AFROPUNK

... the other Black experience

I came across a few articles today, one was model Lara Stone in black face for French Vogue http://nymag.com/daily/fashion/2009/10/french_vogue_shoots_lara_sto... , another a Dutch magazine calling Rhianna a ni***bitch http://www.huffingtonpost.com/2011/12/20/rihanna-called-n-word-in-_... , and most recently French Elle saying that black people didn't have style until the Obama administration http://www.afrosomething.com/article/quand-le-magazine-elle-parle-d... . How is the rest of the world viewing us, that they would think any of this is acceptable?!?!?!? 


So you see these out in the open remarks from ignorance what steps are you all going to take in real time to abolish this clownery?

Will you boycott the magazine?
Will you boycott the model and "creative" "designer"?
Will you take a comment about style before Obama to heart?
Will you inform the less fortunate about this prejudice?

OR! Will you get mad today and fall into the fad and allure of advertisements tomorrow??

   It's really a messed up situtation. It's like Cypher from the AP documentray said, at the end of the day it is only black people that will have your back not THEM. It's a hard and ugly truth, given the state of things. Below is a picture from a Japanese film called Vampire Girl vrs. Frankentstien Girl. The Japanese actress in black face here is the leader of a group of five or four Japanese girls who belong to a "Black Girl's Club"_ apparently they wanted to be black. These girls are characterized as loud mouthed, angry all the time and every other word out their mouths is a curse word.

   I don't believe that this is an example of what Japanese people think of black people so much as it is an example of what they think about the mainstream, hip hop street black. I say this because Michael Jackson was big over there and they couldn't have thought that he was like the clowns protrayed in the film. But alot of the hip hop Bozos are and this is the message THEY put out.

The japanese are 50/50 in my opinion, they love our hip-hop but sometimes still portray us in a over-exaggerated light.
I still love their cuisine, anime, and mangas though (/:r
That edi is old, but anyway things like that are funny to me bc ppl of the African diaspora are trendsetters. These fashion people watch what black ppl wear; walk the streets and flip through photos...then turn around and grab Elements for thier editorials or runway shows  (usually styles from the hood). Then the masses worship these trends meanwhile they were the same ones laughing at it in the first place. Black ppl are also a bit blind sometimes as well bc they too embrace the trend that they invented themselves, but to them it's okay if a fair face has it like 'YAY were official now'. That is why I get pissed off when these street wear brands put no colored ppl in thier catalog and blacks eat it all up.....SMH. 

^^^Isn't that kray though? I have a song that talks about the exact same phenomenon you just described. What you just said pretty much describes a huge chunk of american popular culture in general. Black folks copying white folks that were copying black folks to began with. And usually not copying us all that good I should add. And then capatilism commodifies this third generation product and sells it back to us at triple the price of the original prototype. It's actually quite interesting. lol 

It's sad that racism in America (and around the world) is still a reality in 2012 but honestly, i'm glad that this type of ignorance is coming to the light. Now there is no way of denying what's going on or pretending that we live in some completely benevolent world. When i see these articles i am completely dumbfounded and a part of me is angry and i accept that. Unfortunately to be black and angry is often looked down upon. But i think that all the world should get angry more often and stop pretending that everything is okay. That's what's going to motivate the change that needs to happen.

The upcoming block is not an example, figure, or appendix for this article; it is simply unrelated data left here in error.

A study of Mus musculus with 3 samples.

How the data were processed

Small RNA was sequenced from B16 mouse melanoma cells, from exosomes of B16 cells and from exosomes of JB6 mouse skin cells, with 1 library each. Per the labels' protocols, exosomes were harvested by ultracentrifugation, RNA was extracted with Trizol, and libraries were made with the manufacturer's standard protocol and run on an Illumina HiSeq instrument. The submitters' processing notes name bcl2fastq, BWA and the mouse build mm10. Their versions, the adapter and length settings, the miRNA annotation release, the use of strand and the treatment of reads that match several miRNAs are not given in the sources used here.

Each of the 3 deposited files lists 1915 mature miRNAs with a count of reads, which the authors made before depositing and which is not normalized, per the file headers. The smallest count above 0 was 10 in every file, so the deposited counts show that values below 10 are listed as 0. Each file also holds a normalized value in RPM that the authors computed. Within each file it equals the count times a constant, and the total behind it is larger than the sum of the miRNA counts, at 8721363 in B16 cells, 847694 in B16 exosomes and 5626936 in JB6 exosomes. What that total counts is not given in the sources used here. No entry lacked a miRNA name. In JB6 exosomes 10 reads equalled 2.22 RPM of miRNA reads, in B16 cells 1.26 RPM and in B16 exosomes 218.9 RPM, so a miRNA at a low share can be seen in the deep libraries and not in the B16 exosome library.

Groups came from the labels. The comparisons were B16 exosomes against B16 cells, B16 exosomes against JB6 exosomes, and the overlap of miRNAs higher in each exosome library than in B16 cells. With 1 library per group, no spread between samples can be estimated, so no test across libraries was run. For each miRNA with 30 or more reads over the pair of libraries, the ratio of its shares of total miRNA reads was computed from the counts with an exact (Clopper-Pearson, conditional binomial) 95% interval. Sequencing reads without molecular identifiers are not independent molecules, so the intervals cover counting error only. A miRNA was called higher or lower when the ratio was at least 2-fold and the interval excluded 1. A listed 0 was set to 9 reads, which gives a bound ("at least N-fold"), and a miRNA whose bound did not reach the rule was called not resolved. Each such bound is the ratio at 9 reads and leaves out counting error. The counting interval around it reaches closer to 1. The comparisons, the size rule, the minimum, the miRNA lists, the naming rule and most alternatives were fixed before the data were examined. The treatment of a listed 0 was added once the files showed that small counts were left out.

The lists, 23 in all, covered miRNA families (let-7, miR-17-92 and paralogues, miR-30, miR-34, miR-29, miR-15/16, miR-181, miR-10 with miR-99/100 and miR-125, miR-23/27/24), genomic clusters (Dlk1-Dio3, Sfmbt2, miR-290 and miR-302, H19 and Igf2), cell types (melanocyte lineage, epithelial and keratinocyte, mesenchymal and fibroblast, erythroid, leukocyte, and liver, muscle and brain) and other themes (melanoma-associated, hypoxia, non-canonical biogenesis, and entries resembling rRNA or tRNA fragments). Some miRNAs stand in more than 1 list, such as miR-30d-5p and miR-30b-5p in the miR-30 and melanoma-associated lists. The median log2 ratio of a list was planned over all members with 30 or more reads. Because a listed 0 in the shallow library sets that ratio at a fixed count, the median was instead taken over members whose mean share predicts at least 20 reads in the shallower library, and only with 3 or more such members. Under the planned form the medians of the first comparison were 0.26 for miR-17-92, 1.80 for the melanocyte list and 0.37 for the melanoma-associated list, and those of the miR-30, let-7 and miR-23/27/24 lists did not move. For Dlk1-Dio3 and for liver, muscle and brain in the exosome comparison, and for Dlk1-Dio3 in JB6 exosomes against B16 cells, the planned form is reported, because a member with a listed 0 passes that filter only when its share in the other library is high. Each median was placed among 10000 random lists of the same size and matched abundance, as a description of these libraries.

Thanks for your response! 

 

I also believe in practicality and i'm not saying that people should walk around being angry. Not at all. But i don't think that there is anything wrong with initial feelings of anger prompting social change. It's all about how that anger is channeled. I'm sure that lots of political movements (civil rights movement, womens liberation, anti-vietnam, occupy wall street) didn't start because their leaders felt lukewarm about the issues at hand. Those leaders had fire running through their veins. They surely were "upset" about social injustice. I just think that we should embrace that fire and use it to solve problems peacefully and with love. I am a bit of a hippie ;)
 
fructose soda said:

seems to me that there are tooooo many angry people.

I'm not sure if the problem is that more people aren't angry enough.

we can be proactive without getting upset.

ofcourse, I'm just coming from a basic/ practical point-of-view.    In my personal life, I work with youth that've been in foster homes & "juvenile camps", and what I've learned from my own experience is that you can't be of any good to people when you're angry.     Its not the anger that helps solve anything.    Its being calm.    Positive energy.    I aint a hippy tho.    Feel me?

... whateva helps, tho.     I don't know everything.

Lavita said:

But i think that all the world should get angry more often and stop pretending that everything is okay. That's what's going to motivate the change that needs to happen.

On another interesting not, a couple years I found online Vogue Black which is run by Vogue Italia.
I love their articles and photo spreads featuring all kinds of Blacks in fashion and art world. I find it funny that it's from an Italian division of Vogue and not US, because a lot of who is reported on are American black women and men, and some on the U.K.